Unfortunately, that means I cannot simply save the draft copy. The point is that these images must be publicly available.
So go read my article already. The photographs of snowflakes are incredibly prettier than my artwork; and I actually deal with the reader's question.
Publicity for my "Similar Snowflake" Article
As I type this, I have less than two hours left of Christmas Eve, so the rest of the publicity will just have to wait. Having been fully busy on Christmas Day, I then wrote and publicized my next DeHaan Fitness article ("Resolve to Lose Weight with More Sleep in the New Year") on Boxing Day.
I'd hoped to finish the publicity on Dec. 27th.; instead it was completed on the 28th.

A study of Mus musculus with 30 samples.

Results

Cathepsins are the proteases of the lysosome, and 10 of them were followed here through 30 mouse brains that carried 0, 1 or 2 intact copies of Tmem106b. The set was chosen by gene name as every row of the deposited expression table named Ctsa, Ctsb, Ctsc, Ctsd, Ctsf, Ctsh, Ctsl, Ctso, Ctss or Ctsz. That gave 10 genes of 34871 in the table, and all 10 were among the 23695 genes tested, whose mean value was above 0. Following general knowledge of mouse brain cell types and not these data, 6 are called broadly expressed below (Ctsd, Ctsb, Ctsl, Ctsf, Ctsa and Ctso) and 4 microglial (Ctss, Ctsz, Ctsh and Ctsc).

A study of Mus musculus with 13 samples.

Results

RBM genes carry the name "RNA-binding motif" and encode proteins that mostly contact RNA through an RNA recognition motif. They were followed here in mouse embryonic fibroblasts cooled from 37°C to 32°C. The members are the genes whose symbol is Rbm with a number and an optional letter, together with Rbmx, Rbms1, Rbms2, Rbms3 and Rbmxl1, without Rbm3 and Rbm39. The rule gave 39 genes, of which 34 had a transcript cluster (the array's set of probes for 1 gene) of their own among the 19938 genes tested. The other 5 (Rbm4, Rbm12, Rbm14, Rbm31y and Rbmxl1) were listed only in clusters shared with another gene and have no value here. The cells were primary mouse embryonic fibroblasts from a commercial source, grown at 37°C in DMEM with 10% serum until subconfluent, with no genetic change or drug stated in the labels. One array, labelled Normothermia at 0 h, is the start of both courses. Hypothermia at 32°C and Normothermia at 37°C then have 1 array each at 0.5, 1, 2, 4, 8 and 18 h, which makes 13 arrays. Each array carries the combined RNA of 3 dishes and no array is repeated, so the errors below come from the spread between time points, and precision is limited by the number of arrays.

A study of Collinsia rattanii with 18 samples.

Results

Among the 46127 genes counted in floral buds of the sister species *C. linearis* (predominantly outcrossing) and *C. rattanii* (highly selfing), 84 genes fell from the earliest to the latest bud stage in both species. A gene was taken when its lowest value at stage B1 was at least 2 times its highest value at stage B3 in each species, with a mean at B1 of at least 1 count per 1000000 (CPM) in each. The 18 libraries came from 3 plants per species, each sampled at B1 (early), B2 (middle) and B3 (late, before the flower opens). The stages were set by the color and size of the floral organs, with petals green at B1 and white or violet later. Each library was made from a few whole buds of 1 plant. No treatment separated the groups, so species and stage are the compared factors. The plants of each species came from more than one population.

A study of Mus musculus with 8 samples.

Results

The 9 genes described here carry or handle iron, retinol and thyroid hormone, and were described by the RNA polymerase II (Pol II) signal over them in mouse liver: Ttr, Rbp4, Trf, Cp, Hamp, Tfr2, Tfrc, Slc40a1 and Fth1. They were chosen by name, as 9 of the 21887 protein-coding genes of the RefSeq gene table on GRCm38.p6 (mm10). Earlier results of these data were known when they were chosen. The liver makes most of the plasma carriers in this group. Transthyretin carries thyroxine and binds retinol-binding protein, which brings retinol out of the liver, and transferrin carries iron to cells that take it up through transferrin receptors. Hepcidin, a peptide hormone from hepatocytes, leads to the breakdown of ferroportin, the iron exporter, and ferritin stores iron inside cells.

One "Cool" Writing Tip for Snowflakes
Actually it's an observation from Victoria Nicks, founder of Decoded Science.
Gather meaningful and relevant topics by inviting requests from your readers.
With "engagement" being the watchword, simply ask your readers to pose questions or to suggest topics.
This works especially well if you reply by e-mail to your reader once you've posted the answer in a new article.
Also be sure to publicize your willingness and ability to tackle the questions.
If you can't give a good answer, at least get back and let them know that.
This was at least my second "Expert" article. Certainly for this question, I had to "dig" deep to learn more about snowflakes (and visual resolution!) to supply a framework to determine how likely it is that two snowflakes have ever been alike.